The 68th Annual Edgar Awards
Mystery Writers of America had its 68th annual Edgar Allan Poe Awards Banquet on May 1 at New York’s Grand Hyatt hotel. The ceremony honors mysteries and thrillers in all their forms. This year, the Edgar awards theme was More Deadly Than the Male, celebrating female authors and their place in the history of mystery. (The theme is by way of Rudyard Kipling: “For the female of the species is more deadly than the male.”)
Mystery Writers of America (MWA) was founded in New York City in 1945 for the purpose of promoting and protecting the interest and welfare of mystery writers, and to increase the esteem and literary recognition given to the genre. Its motto: “Crime doesn’t pay—enough.” When the nascent MWA was just being formed, the founders were going to call its awards for excellence in the mystery field the Edmund Wilson Memorial Awards in revenge for Wilson’s disdain for the genre. By the time of MWA’s inception, Wilson had published two essays in The New Yorker on the subject: “Why Do People Read Detective Stories?” (October1944) and “Who Cares Who Killed Roger Ackroyd?” (January 1945). But cooler heads prevailed, and although it is unknown exactly who came up with the idea of naming the award for “the father of the Detective Story,” it was an immediate success, and the “Edgar” was born. In 1946, the first Edgar Awards dinner was held. In 1948, the small ceramic busts of Poe designed by Peter Williams appeared.
Fittingly, the apparel code for this year’s Edgar Awards Banquet was “dress to kill.” Admittedly, the only weapons brandished were verbal. A cocktail party preceded a lavish dinner that ended with criminally delicious desserts (you didn’t want to miss the white chocolate Poes). Then the real business of the evening began. Marcia Talley, author of the Hannah Ives series and the general awards chair, said that she was “struck each year” by the fact that an Edgar Award is “so special because it’s an award from your peers.”
Robin and Jamie Agnew, the husband and wife co-owners of a beloved independent bookstore, Aunt Agatha’s Mystery Bookshop in Ann Arbor, Mich., received the Raven Award, established in 1953 to recognize “outstanding achievement in the mystery field outside the realm of creative writing.” Robin called it a “lifetime pinnacle for us.”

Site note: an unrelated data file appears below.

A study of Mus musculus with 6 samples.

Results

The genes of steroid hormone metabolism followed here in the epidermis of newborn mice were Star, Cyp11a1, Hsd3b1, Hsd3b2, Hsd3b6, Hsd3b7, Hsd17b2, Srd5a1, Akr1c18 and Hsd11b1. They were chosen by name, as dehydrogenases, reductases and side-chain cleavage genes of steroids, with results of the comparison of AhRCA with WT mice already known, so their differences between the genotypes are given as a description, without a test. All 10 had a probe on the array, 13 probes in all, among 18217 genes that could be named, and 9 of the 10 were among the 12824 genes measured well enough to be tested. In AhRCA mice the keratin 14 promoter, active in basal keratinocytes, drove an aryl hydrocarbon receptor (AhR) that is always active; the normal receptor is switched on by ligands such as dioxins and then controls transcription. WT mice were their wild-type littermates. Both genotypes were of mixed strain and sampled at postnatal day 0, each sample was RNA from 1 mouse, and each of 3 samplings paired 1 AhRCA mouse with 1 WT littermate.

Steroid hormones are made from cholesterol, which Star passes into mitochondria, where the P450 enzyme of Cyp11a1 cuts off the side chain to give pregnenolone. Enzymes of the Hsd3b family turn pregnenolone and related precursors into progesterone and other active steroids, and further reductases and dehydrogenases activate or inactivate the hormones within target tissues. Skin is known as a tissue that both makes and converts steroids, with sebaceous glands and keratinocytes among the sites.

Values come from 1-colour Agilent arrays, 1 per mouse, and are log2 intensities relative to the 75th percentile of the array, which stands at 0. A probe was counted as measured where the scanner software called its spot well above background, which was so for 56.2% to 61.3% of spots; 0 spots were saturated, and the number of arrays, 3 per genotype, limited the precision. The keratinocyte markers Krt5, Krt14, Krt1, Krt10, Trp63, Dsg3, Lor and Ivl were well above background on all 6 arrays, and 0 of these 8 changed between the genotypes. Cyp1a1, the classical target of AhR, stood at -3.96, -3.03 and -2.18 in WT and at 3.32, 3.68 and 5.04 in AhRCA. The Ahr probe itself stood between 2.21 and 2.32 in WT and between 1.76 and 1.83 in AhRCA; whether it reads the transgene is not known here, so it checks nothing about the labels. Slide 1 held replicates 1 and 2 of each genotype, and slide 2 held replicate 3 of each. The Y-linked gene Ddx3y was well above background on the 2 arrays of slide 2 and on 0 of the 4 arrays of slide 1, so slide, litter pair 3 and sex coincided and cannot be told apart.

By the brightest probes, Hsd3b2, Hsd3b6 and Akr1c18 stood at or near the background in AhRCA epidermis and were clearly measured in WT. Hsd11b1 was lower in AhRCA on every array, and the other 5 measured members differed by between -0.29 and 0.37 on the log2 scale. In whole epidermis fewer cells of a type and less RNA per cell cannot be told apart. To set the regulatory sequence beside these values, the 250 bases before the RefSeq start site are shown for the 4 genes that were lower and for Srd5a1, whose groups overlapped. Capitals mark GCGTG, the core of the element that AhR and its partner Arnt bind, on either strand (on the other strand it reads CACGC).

The most prestigious award is the Grand Master. This award was established in 1954 to recognize important contributions to the mystery over time, as well as a significant output of consistently high quality. The first recipient was Agatha Christie, whose enduring appeal was evidenced by the astonishing number of this year’s winners who paid tribute to her in their speeches. 2014 boasted two Grand Masters, Carolyn Hart and Robert Crais. Each has shelves of nominations and prizes for remarkable bodies of work that span over thirty years.
The Best Short Story Award went to “The Caxton Private Lending Library & Book Depository” by John Connelly. I single it out because Connelly is a charmer with an Irish brogue, who was full of blarney about American women being especially loving to Irishmen “because they found them so cute.”
Stuart Woods, no slouch in the mystery field, presented the Best First Novel Award. Woods recalled winning the same award in 1982 for Chiefs (W.W. Norton). He recounted that he dropped the statue just after he got it home and broke Edgar’s nose. Happily, it was replaced and ever after he displayed both so that people would think he was the proud recipient of two Edgars! Red Sparrow by Jason Matthews was named Best First Novel. A favorite of mine, I reviewed it in June 2013 and called it “a remarkable debut … crack spy fiction: fresh, inventive and accomplished.” Matthews, a retired officer in CIA’s former Operations Directorate, was genuinely if incongruously humble—shades of George Smiley.
The night’s final award, the much coveted Best Novel, went to William Kent Krueger for Ordinary Grace (Atria). I praised Krueger in my column of November 2011 for his novel Trickster’s Point. At the time I said, “Every one of Krueger’s Cork O’Connor novels is a treat to be savored.” Accepting the award, Krueger said: “To write, to be published, to be read, to be appreciated. What more could any storyteller ask for?”
The evening was capped by a film clip from To Have and Have Not (1945). A very sexy Lauren Bacall says to Humphrey Bogart: “You know how to whistle, don’t you, Steve? You just put your lips together and … blow.”
Over to a smitten, smiling Bogart who proceeds to give a long, low whistle.
An appropriately classy ending to a fine affair.
Irma Heldman is a veteran publishing executive and book reviewer with a penchant for mysteries. One of her favorite gigs was her magazine column “On the Docket” under the pseudonym O. L. Bailey.